Chronic headache is a very common symptom that can be caused by many medical conditions. Many times, the underlying cause can be correctly identified and managed. In other situations, by contrast, the cause for a chronic headache can be misdiagnosed and thus inappropriately managed. Such a misdiagnosis occurs unluckily in a 25-year-old Australian barista.
Chronic headaches turned out to be neurocysticercosis
This young lady has been afflicted with chronic headaches for 7 years and would experience splitting headaches about every 3 months. She was diagnosed with migraines and managed as such. In her last headache episode, the headache lasted for more than one week, which is very uncommon for migraines. A brain MRI scan of her head raised the possibility of a brain tumor, and when the surgeons operated on her brain, they found that the “tumor” was actually a parasite called tapeworm. Finally, this young lady was diagnosed with neurocysticercosis.
What is neurocysticercosis?
Neurocysticercosis is a medical term for infection of the brain by the larvae (young parasites) of a parasite called Taenia solium (tapeworm).
Usually, the adult tapeworm lives in the intestines of the pigs and could produce many eggs that will be mixed with the pig’s feces. Once the foods or water we humans eat or drink have been contaminated by the pig’s feces, the tapeworm eggs in them will be swallowed into the human stomach and intestines. Then, the eggs will hatch into young tapeworms. These little tapeworms would burrow into the intestinal wall and enter the bloodstream to various organs, most predominantly the brain and the muscles. When these little tapeworms enter into the brain, they cause neurocysticercosis.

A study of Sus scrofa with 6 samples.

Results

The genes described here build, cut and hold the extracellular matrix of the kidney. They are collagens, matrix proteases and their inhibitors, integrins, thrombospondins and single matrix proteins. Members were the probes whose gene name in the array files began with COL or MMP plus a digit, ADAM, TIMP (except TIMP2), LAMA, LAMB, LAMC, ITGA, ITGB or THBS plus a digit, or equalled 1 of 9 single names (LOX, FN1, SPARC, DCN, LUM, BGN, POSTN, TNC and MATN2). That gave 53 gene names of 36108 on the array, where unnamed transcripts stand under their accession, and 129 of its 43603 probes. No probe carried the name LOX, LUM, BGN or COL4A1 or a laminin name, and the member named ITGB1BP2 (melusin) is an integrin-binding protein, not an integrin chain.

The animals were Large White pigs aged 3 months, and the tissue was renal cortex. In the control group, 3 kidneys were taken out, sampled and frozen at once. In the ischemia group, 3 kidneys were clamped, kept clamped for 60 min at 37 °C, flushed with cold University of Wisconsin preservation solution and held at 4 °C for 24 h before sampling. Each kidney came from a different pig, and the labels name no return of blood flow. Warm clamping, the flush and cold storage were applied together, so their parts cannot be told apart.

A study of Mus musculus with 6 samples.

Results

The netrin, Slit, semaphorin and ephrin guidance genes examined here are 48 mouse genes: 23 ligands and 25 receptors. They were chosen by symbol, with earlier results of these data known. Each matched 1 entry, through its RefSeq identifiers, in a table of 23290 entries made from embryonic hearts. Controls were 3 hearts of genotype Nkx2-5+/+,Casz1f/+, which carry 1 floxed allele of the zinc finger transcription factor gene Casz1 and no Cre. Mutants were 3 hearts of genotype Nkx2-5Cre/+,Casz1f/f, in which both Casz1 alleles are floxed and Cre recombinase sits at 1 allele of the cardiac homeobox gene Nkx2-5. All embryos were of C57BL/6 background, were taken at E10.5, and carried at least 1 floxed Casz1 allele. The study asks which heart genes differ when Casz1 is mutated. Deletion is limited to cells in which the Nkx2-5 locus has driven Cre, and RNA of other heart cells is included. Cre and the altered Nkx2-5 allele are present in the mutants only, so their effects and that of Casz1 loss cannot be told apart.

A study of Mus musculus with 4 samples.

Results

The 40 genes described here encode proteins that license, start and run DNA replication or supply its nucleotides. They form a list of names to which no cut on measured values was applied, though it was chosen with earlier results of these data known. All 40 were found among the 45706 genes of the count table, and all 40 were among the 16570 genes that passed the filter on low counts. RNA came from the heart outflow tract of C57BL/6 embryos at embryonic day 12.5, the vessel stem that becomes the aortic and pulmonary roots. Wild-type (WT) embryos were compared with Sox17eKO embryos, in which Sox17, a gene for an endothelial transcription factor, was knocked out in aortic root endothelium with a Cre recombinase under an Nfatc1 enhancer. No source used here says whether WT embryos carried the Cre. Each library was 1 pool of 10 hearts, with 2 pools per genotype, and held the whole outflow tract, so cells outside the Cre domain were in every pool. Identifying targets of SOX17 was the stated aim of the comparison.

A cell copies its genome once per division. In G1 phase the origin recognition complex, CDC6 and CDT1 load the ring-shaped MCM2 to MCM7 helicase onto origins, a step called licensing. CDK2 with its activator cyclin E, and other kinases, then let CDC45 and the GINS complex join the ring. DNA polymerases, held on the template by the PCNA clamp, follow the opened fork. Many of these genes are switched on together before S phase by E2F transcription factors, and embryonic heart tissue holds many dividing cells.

What are the symptoms of neurocysticercosis?
Many can be asymptomatic, while others can present with symptoms of headache or blurry vision. It may even cause symptoms similar to a brain stroke, such as leg weakness. Frequently, some patients could have epilepsy (seizure).
How do doctors diagnose neurocysticercosis?
A brain MRI scan is almost always needed to diagnose this condition. Moreover, doctors would also need to rule out conditions that cause similar symptoms. For example, for patients like the 25-year-old woman, doctors would need to rule out possibilities of migraine, tension headache, etc.
So, why did the Australian doctors misdiagnose this case?
It is very likely that the Australian doctors caring for this lady are not so experienced, since neurocysticercosis is predominantly seen in countries where domestic pig farming is common, such as in many Asian countries. Second, the lady had no apparent exposure to contaminated foods or drinks, which would further belie the doctors. In the above case, it is believed that she had accidentally ingested tapeworm eggs released from a carrier before.
How to treat neurocysticercosis?
Patients with no symptoms do not need to be treated. For symptomatic patients, there are oral medications that could eradicate the worm. Sometimes surgery is needed to remove the worm.
How to distinguish between neurocysticercosis and migraine?
It might not be a migraine if you:
· Have seizures
· Have muscle weakness or numbness
· Have changes in headaches over time
Obviously, patients and their doctors need to have a brain CT or MRI scan before attributing the headache to “migraine” to prevent further misdiagnoses.